In the course of our travels with the NDSU field school on historic earth buildings, we have become more and more fond of Billings County and its Ukrainian culture region.

The features and contours of this region are not well known. People stream through it via Highway 85, often shuttling between the north and south units of Theodore Roosevelt National Park, and remain unaware of its cultural distinctiveness. Nowadays, too, you better keep moving right along, because with the petroleum boom, and with the northern reaches of Highway 22 closed by mudslides, Highway 85 is like an urban freeway compressed into two lanes.

Because we’re looking for historic buildings, though, we pull off and find things not to be seen anywhere else across the state. Ukrainian immigrants arrived here and took homesteads during the first decade of the twentieth century. As they commenced their improvements, including both residences and outbuildings, they built in old country style, using a mix of earth and timber.

A Ukrainian home builder first trekked over west to the badlands and cut some cedar posts. These posts then were set vertical into the ground to outline a building. Horizontal lath, or in some cases sticks of brush, perhaps split in half, were nailed up and down the posts. Then the cavity between the lath was filled from above with a mix of gumbo clay and manure and straw, producing a wall supported by the posts and insulated by the earth.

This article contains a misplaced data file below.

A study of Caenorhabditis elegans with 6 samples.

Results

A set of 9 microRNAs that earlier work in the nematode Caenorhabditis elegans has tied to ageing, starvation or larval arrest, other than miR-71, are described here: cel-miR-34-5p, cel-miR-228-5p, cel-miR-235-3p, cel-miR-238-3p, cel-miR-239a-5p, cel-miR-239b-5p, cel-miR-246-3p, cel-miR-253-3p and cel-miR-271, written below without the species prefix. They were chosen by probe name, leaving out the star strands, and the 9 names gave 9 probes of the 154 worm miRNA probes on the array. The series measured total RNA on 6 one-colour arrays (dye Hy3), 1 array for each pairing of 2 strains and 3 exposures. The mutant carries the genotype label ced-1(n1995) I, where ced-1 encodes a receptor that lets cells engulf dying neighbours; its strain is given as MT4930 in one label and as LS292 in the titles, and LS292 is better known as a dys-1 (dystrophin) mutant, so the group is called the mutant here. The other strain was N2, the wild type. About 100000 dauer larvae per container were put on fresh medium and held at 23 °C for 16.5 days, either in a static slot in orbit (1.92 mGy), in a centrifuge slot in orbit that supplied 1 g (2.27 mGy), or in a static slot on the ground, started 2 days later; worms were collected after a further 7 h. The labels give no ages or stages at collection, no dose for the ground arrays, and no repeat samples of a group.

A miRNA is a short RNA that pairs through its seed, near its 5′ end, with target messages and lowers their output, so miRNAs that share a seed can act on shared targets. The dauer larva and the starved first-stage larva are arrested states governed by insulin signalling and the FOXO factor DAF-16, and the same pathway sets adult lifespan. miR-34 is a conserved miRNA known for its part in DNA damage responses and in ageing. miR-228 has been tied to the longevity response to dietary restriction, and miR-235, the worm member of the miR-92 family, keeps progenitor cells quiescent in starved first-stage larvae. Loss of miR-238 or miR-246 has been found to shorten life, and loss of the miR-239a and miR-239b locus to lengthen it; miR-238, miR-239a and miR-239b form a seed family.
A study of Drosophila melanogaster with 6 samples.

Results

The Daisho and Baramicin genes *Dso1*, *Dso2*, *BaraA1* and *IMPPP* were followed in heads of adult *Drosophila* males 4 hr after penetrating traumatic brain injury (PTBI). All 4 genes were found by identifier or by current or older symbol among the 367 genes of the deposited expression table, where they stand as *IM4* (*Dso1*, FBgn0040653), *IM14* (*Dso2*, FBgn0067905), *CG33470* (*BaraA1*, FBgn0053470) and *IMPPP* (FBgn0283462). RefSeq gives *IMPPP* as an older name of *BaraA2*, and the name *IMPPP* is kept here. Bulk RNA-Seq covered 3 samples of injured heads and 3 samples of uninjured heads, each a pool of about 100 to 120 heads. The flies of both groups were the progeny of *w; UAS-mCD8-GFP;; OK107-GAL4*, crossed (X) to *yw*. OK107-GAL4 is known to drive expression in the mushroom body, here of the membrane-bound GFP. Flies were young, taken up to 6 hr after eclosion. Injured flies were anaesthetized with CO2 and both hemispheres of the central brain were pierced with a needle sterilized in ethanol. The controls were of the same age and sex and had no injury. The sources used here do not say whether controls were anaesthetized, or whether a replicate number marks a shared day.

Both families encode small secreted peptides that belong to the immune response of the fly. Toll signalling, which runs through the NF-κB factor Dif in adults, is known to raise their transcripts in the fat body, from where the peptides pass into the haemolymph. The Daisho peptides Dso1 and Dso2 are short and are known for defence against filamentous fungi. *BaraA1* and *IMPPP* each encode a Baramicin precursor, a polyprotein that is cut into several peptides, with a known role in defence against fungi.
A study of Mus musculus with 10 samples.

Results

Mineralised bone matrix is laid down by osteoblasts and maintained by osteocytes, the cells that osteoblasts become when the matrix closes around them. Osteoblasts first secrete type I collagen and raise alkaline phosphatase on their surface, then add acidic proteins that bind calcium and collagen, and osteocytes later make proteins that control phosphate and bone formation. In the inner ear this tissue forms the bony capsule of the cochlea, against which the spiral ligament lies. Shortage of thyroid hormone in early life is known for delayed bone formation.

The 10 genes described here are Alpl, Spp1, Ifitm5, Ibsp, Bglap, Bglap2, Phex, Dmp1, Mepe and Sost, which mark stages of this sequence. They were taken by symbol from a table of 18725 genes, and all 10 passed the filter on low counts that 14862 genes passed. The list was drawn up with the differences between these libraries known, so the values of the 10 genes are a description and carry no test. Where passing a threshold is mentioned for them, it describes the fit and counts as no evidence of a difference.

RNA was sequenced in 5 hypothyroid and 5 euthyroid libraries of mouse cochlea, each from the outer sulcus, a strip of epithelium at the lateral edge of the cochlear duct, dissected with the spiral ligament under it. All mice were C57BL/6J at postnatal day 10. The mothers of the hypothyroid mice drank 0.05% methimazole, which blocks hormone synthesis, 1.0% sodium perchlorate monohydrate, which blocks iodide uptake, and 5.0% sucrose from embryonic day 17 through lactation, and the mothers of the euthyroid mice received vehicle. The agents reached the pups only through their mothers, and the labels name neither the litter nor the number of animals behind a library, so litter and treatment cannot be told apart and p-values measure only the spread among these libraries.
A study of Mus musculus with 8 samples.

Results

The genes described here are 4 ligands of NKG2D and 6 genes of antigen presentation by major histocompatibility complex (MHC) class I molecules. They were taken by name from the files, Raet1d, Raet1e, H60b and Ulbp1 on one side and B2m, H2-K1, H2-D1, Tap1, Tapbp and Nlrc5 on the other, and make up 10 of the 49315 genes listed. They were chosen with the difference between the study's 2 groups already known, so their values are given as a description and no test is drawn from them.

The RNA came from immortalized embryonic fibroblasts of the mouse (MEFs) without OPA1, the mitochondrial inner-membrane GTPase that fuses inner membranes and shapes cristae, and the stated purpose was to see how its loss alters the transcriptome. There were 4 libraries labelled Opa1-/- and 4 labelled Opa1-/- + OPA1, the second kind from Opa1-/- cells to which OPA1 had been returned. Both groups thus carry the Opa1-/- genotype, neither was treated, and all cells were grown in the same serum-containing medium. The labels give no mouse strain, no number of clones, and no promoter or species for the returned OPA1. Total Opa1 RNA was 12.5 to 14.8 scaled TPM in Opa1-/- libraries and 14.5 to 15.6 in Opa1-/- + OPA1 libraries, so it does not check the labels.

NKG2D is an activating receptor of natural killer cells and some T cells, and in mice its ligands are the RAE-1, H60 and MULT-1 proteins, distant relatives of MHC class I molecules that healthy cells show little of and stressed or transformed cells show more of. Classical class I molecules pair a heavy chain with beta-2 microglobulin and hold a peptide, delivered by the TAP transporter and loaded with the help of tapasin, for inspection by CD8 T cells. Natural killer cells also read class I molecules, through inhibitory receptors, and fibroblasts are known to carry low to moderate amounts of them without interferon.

The classic Ukrainian house had two rooms, which could be quite commodious. If built in true old-country style, it had a distinctively belled hip roof.

Many of these Ukrainian homestead buildings still stand, most of them in some state of decay, a few still inhabited. Land patent files reveal there used to be many more of them, including barns as long as sixty feet, constructed of posts and clay.

Our interest in this Ukrainian culture region is heightened by our acquaintance with Father Taras Miles, the priest of the Ukrainian Catholic churches in Belfield and Fairfield. The latter is a country church, St. Demetrius, where we had the pleasure of attending mass this summer.

This was an experience to be savored (although I am sure my Missouri Synod Lutheran grandmother was rolling in her grave). Arriving early, we heard women in the choir loft repeating the rosary, a comforting drone over the sanctuary that centered attendees for the service to follow. Father Miles explained to us that the Ukrainian Catholic mass is a “sensate experience,” and we should just “let it happen.” He was right, as our attempts to follow the liturgy soon were stymied by our lack of Ukrainian language skills and by the mysteries of the faith. Of course, mystery is a fine thing, and faith is a mystery not only to outsiders but also, perhaps especially, to adherents.

The choir, mostly male, was wonderful. How just five guys can produce such sound is another mystery of the faith. Four-part harmony, parallel thirds, unison singing, octaves, they filled the church.

After mass it was up the road to the Four Corners Cafe for dinner with Father Miles and with Deacon Leonard Kordonowy, his wife Laverne, and their great-granddaughter Stephanie. I will not talk again about the rhubarb custard pie served by Stephanie Klym at Four Corners. Oh the heck I won’t, that pie is terrific!

And it is just one thing that will bring us back to Billings County again and again.